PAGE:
Back in May, I had breakfast with a friend of mine who happens to be a respected Democratic strategist. Usually upbeat, he was crestfallen. The election had him worried. After a bruising primary season, Mitt Romney had emerged as the Republican candidate and that didn't bode well for Obama, he explained.
Romney might not be an enthusiastic campaigner, my friend told me, but he made up for it with a prodigious capacity for fund-raising. Thanks to Romney's talents and the Supreme Court's de facto privatization of American democracy, the difference in money was probably going to be monumental come election season. But my friend's main concern wasn't actually pecuniary. What truly alarmed him was the election's narrative. In his view, the Republican party had come a long way towards achieving its goal of labeling Barack Obama as a "weak leader". Taking a page from the 1980 presidential election, the GOP had bet on characterizing the sitting commander-in-chief as fundamentally flawed, unfit for office, and a "leader from behind". And Obama hadn't helped his case much: his presidency had been, in many ways, the story of his on-the-job education. Or at least that's what the Republicans wanted the electorate to perceive. My friend lamented that, by mid-May, his own party still hadn't come up with a coherent answer, a compelling "competing narrative" : "without a story to tell, Obama won't have a chance in November", he explained.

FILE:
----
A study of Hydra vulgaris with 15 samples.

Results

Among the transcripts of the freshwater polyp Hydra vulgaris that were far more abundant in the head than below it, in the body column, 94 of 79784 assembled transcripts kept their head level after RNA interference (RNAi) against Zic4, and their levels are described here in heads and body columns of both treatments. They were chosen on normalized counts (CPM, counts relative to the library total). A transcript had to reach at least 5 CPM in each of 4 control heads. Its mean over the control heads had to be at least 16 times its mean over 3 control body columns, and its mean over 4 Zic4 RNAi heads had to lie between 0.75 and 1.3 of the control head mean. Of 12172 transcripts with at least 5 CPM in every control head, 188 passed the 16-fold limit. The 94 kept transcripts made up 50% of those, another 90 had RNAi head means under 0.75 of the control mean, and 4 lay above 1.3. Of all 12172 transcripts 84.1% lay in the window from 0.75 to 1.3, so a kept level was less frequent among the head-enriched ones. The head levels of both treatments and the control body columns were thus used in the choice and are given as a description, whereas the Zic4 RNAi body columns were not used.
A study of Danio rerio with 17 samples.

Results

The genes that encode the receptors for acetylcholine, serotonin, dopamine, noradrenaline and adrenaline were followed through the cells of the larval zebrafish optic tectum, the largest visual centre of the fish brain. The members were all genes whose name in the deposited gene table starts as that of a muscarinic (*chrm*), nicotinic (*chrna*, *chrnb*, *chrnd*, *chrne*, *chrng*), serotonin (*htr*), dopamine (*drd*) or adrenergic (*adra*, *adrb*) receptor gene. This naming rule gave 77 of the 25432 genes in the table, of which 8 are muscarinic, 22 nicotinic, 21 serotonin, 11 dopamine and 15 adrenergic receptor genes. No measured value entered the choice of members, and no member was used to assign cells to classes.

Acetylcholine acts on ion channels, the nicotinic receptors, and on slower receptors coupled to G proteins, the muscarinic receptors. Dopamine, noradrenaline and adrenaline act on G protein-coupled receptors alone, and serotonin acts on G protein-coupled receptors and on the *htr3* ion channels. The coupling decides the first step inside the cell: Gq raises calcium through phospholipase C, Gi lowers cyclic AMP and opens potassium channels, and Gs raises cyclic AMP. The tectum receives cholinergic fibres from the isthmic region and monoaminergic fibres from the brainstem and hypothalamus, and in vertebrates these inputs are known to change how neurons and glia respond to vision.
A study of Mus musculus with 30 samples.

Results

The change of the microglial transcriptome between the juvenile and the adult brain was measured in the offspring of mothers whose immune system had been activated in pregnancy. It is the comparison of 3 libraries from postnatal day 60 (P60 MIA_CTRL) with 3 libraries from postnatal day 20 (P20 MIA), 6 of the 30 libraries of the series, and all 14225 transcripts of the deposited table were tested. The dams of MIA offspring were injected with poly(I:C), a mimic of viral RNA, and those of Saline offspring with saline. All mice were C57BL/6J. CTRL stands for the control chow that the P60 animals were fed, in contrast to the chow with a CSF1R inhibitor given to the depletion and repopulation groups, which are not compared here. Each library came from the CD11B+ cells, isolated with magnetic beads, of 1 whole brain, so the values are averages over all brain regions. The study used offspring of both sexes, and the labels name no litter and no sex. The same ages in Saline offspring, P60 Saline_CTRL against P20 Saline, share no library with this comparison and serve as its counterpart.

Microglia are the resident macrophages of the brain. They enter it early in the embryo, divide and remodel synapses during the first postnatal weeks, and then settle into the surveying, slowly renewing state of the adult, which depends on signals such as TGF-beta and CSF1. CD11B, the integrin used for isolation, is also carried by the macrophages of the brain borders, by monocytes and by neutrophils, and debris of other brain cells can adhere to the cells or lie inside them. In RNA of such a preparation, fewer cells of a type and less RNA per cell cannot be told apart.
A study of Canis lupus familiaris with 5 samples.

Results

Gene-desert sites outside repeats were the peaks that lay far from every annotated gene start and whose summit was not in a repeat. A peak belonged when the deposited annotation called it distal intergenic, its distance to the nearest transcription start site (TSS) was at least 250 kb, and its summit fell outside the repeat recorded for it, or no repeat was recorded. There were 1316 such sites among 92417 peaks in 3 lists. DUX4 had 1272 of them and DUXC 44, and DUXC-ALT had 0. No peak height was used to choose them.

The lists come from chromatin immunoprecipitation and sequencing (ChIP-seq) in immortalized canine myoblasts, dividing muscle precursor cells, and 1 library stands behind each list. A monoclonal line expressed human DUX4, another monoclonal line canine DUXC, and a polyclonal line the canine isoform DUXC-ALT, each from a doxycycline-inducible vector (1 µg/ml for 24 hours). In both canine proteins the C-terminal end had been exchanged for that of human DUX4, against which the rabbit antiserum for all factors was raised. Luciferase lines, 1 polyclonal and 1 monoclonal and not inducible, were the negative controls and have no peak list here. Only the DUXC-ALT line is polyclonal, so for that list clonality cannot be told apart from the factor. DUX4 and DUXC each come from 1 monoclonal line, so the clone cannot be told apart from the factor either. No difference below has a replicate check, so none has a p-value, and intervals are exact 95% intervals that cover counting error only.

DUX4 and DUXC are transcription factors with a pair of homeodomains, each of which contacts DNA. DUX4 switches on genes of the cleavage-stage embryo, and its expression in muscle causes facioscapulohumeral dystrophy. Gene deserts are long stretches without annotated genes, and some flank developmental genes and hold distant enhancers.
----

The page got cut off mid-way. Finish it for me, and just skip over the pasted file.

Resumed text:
As it turns out, the Democratic party did have a narrative in mind. And not only that: it had a surprising timing in mind for said narrative. In what's probably a first, the Obama campaign chose early summer as the window in which it would try to define its opponent in the mind of the American electorate. In a ruthless and tough negative campaign, the President's team portrayed Romney as the quintessential "vulture capitalist", the very incarnation of the 1% that had driven the Occupy movement during late 2011 and early 2012. It was an audacious move. The idea could have backfired: the audience's attention could have been elsewhere (it was early summer, after all), or the President could have been labeled as a "negative politician". None of that happened. The campaign managed to preempt the Republican narrative. It is a safe bet to say that, if asked, an average voter would probably say that the 2012 elections has been about Mitt Romney and his money rather than about Obama's weakness as a leader.
Still, the Obama campaign's audacious strategy would not have worked as it has were it not for the unexpected blessing of the Romney 47% video. For the President, it must have been sort of a miracle, the kind of thing that very rarely happens during a presidential election, with its tightly scripted messaging. In its almost fictional forcefulness, the Romney video sometimes seems like something out of a Hollywood version of a presidential election, a sort of dues-ex machina that just doesn't happen in real life: one of the contenders being caught in a perfectly delivered speech that not only justifies but strengthens his opponent's narrative. Barack Obama is indeed a lucky man.
This is how we arrive at the presidential debates. Mitt Romney will have one last chance to overturn the devastating portrayal that the Obama campaign has so successfully instilled in people's minds—with Romney's own help. My friend the Democratic strategist was right in fearing the potency of the "weak leader" narrative. The question now is whether the Republican candidate still has time – and the voters' attention – to sell it.